Why choose to be a data engineer in a consulting firm? What are you doing at McKinsey? Are you a consultant or engineer? My tech-geek friends had these questions when I joined McKinsey.
At the firm I am an engineer and a consultant, which makes the job fun and challenging. I work with team members to define and break down complex business problems and leverage my expertise in data engineering to solve some of the toughest client challenges. That’s why I enjoy my work.
An “only at McKinsey” project
My most memorable project was one where we worked with the firm’s technologists, industry experts and consultants to deliver for a mining company in North America. We leveraged machine learning and Cloud technology to improve the performance of a smelter plant in a remote area.
My team worked closely with one of the firm’s industry specialists and we found that the legacy report on the client’s server didn’t capture all the relevant information. Additionally, the previous analyses could not run at a large scale or in real time because of power limitations. Even under the best setup, some equipment may still not work well. To solve the problem, we worked with one of our Internet of Things (IoT) experts and looked into sensor signals and data to understand where we could obtain fresh data and how we could best use it.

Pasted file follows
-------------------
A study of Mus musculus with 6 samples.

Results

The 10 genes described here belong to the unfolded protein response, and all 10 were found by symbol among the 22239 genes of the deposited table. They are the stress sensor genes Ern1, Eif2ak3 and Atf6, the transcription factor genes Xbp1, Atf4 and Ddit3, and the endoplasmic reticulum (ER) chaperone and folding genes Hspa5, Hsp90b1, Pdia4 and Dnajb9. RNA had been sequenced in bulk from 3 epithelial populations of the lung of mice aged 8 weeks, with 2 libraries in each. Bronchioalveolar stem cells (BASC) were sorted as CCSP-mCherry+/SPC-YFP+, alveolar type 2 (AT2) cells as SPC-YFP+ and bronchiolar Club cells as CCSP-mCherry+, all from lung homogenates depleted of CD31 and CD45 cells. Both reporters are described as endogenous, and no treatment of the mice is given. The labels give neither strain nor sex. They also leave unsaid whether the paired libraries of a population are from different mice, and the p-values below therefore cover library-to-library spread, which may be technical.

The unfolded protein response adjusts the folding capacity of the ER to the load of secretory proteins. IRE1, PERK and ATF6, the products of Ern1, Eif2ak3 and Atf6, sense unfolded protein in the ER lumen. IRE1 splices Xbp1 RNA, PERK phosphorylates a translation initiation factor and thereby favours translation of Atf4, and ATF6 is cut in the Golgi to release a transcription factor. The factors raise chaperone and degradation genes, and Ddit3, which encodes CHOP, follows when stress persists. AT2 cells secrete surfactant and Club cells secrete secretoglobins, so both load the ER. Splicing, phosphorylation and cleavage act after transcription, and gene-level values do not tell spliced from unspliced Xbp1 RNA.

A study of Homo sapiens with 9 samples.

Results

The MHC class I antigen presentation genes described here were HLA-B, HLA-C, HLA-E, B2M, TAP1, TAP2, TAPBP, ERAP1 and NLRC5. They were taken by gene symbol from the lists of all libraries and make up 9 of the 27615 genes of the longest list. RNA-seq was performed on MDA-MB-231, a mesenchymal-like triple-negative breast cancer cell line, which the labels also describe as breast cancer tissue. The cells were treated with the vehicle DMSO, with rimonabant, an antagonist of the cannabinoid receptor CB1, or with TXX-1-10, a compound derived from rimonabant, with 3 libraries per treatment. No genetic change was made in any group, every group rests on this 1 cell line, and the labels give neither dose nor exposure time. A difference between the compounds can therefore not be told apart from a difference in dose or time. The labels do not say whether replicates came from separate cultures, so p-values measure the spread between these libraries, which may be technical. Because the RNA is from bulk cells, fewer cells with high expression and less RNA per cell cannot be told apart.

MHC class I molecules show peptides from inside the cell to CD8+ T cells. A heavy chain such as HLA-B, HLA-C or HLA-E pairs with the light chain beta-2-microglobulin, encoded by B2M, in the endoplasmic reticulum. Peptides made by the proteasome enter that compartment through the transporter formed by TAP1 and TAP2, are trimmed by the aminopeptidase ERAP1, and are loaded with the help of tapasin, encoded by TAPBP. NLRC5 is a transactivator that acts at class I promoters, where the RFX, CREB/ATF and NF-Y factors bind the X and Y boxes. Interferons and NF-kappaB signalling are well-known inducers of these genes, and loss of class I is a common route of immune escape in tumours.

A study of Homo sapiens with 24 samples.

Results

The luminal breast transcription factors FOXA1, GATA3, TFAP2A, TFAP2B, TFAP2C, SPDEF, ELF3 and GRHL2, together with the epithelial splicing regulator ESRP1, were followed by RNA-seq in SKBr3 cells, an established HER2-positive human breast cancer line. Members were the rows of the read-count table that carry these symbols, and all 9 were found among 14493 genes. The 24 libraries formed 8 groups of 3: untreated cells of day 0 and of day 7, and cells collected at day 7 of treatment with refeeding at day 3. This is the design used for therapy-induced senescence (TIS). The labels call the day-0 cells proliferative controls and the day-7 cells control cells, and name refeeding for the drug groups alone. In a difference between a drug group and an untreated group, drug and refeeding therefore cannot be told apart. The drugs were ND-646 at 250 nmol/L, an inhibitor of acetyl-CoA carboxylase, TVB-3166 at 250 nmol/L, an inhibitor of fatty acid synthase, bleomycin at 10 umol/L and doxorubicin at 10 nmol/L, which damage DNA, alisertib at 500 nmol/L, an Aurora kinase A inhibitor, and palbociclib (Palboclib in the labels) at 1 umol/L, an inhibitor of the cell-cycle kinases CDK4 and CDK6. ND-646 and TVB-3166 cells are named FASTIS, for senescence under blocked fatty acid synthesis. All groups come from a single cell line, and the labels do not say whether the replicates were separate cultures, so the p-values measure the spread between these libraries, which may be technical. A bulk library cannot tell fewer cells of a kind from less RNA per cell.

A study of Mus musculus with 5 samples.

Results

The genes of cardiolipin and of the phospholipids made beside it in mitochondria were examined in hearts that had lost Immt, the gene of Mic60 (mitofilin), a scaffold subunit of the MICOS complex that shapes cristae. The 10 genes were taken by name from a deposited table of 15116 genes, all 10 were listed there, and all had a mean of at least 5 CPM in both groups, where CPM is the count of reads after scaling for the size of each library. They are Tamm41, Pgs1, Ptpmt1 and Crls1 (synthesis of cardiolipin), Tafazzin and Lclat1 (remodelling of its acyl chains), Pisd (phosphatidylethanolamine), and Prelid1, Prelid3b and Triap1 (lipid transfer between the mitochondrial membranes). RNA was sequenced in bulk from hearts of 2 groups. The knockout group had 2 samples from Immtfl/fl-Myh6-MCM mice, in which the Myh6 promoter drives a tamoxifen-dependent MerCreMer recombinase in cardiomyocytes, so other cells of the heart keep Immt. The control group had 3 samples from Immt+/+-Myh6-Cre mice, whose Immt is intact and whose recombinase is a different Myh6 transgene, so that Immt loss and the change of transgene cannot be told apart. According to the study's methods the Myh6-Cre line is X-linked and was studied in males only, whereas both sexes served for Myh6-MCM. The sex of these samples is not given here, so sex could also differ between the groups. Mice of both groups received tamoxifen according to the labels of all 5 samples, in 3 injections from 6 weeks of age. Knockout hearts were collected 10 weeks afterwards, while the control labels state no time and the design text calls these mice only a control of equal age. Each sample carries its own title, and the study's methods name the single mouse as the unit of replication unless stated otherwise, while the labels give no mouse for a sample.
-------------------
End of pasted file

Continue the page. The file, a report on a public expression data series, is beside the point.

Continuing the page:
My team and my role
As a data engineer, I worked closely with a data scientist, software developer, and DevOps practitioner to integrate thousands of IoT sensors, financial data, chemical information from the lab, text from the maintenance log and work orders into a Cloud data lake. This enabled us to run complex analyses and machine learning models to optimize control parameters, predict equipment breakdown, and monitor device conditions and working efficiency.
Not your average data engineering experience
This experience was very different from those I had working in industry, where I would sit in an office and code a data pipeline. Being at the client site, plugging in data pipelines to influence the metal processing pipeline was completely different. And, our solution could not have been achieved without the power of our team and all its members.
We completed this North American metals refinery project successfully with an impactful outcome—our lead-recovery optimization helped the client sustainably reduce the by-product (slag) in its lead production, with projected gains of $4-6 million per year; increased metal recovery helped the slag fuming furnace operation deliver $4 million; and increased recoverable metals from our feed-blend optimization delivered an annual impact of approximately $6.3 million.
Variety is the key
Fast forward a few months, I returned to Tokyo and began a new project for a large retail company, dealing with data from hundreds of stores. From one project to the next, I repeat my role as engineer and consultant but never repeat the type of problem I am solving. With each project, I meet remarkable, talented people with diverse backgrounds who continually teach me new things. I am never bored and I grow every day.
More about Xilong
Xilong is a principal in data engineering with QuantumBlack in Tokyo. He holds a masters degree in information systems development, with a focus on data modeling and data development from Han University in the Netherlands. Prior to McKinsey, Xilong was a data engineer at Active Network and a consultant at QUBIX and PwC Advisory.
Outside of work, Xilong enjoys traveling (pre-COVID-19), hiking, and skiing.